Kangaroos – The 100 Days Project: Day 34 
The Major Roos:
The Eastern Grey and the Western Grey kangaroos are the closest of cousins, yet sufficiently distinct from one another to be designated separate species. The Tasmanian Forester kangaroo (Macropus giganteus tasmaniensis), on the other hand, with less than 1% difference from the mainland Eastern Grey in terms of mitochondrial DNA (occasioned by its ten to fifteen thousand years separated from the Australian mainland), is designated as a subspecies.
Although it is currently listed as ‘not endangered’, the Forester is in fact lucky to be here at all, as we might extrapolate from the cartoon above, which depicts the Tasmanian Tiger (thylacine), the Tasmanian Emu and the Forester kangaroo fleeing hunters. Neither the Tasmanian Tiger nor the Tasmanian emu are any longer with us – at least, for there are occasional claims of thylacine sightings, not to the point where we can be sure that they are not extinct.
Just how close the Forester came is not clear. Some say it was down to the last fifteen percent, some say the last ten, some say the last five. Enough, in any case, to say with some accuracy, that it has been decimated by white/invader occupation (it currently occupies only one tenth of its pre-white-settlement range).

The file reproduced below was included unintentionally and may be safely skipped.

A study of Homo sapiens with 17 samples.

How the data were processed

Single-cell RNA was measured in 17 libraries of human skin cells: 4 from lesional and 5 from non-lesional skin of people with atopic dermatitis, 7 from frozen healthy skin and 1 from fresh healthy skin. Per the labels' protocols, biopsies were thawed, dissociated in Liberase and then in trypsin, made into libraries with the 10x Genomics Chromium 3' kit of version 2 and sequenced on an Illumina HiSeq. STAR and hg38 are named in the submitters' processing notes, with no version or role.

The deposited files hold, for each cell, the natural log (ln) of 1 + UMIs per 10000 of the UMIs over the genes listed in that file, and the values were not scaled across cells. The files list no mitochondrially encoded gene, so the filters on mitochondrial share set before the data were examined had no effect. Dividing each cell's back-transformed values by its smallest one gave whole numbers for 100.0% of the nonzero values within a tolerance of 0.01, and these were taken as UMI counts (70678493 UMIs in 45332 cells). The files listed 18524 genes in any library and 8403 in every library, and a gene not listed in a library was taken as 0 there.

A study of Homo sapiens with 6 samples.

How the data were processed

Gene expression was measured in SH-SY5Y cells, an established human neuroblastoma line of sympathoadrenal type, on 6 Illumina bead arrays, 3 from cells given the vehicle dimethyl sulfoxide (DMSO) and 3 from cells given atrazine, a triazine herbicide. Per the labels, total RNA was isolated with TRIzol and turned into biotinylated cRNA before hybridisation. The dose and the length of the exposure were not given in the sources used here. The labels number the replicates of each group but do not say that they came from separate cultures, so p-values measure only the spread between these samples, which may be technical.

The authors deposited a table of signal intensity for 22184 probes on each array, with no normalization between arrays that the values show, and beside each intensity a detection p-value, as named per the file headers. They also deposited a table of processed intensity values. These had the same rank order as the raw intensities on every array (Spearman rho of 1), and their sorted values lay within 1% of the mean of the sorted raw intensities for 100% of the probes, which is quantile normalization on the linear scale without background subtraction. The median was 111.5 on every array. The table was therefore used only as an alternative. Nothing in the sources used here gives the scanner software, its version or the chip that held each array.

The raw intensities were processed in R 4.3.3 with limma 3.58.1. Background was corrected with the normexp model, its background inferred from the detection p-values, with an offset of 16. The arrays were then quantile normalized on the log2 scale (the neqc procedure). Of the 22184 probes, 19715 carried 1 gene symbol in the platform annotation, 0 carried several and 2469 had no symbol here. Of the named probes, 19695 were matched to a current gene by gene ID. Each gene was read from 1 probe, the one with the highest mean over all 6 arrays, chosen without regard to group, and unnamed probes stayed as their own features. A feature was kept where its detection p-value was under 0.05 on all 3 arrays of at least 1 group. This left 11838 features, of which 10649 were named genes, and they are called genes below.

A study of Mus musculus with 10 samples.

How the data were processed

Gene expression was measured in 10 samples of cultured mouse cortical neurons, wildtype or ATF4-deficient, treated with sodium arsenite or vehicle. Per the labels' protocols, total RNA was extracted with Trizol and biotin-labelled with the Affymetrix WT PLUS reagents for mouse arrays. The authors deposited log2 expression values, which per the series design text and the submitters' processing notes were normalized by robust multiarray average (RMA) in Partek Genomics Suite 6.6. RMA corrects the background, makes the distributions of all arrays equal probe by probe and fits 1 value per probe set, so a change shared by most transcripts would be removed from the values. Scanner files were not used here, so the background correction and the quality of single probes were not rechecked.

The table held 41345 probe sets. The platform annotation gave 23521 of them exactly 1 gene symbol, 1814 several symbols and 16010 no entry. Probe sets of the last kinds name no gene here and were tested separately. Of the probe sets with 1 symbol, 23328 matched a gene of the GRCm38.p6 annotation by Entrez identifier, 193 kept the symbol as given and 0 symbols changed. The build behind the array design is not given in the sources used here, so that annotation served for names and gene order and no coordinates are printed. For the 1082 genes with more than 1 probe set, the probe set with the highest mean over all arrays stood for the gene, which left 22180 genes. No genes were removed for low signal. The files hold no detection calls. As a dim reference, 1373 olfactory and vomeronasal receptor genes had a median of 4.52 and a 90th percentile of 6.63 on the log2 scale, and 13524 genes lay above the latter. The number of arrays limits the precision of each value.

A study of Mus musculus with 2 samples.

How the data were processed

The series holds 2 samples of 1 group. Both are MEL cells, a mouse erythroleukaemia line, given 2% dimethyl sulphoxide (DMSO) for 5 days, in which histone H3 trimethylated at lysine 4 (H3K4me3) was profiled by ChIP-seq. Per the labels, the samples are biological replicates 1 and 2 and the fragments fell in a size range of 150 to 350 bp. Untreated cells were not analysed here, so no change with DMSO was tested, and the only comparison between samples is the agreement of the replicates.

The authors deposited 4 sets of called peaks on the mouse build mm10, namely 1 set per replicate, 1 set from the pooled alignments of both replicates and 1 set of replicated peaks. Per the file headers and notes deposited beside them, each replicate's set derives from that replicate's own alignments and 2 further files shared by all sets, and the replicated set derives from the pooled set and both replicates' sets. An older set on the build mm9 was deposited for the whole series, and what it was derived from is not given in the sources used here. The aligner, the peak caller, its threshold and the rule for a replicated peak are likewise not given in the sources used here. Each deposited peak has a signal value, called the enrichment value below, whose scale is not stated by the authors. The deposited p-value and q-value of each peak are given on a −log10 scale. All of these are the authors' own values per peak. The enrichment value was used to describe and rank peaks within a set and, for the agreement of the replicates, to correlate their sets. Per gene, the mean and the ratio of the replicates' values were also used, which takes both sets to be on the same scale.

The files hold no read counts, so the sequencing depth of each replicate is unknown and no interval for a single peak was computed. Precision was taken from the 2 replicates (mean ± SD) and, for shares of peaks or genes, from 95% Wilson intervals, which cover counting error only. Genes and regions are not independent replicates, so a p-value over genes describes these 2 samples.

Plentiful in and around Risdon Cove at the time of settlement in 1803, the Foresters, after a first very difficult year, when many in the colony suffered from malnutrition, came very quickly to be hunted as food – indeed their use as such was ordered by the inaugural Lieutenant Governor. Very swiftly the colony, then Van Diemen’s Land, became so dependent upon kangaroos as a meat and leather source and means of barter/exchange that historians have come to refer to Tasmania’s ‘kangaroo economy’. Forced to go further and further afield for game, roo hunters in effect became significant agents in open up the Tasmanian landscape for the sheep and other ‘industries’ that would only add to the Foresters’ oppression. With disruption of habitat added to their hunted past, Forester numbers continued to decline, reaching their lowest point, according to the Tasmania Parks and Wildlife Service, in the mid twentieth century. From which, it would appear, in the grasslands of north-eastern Tasmania, they have begun to inch their way back.
It is a puzzling as it is sad to record, then, that, since the late 1970s, Foresters have been being culled (some 660/year since 2000) under state Crop Protection Permits issued by the Tasmanian Director of Parks and Wildlife. Why? Because, it would seem, a lot of the land they have retreated to and begun to recoup themselves upon is private, and they are felt to take grass that is not rightfully their.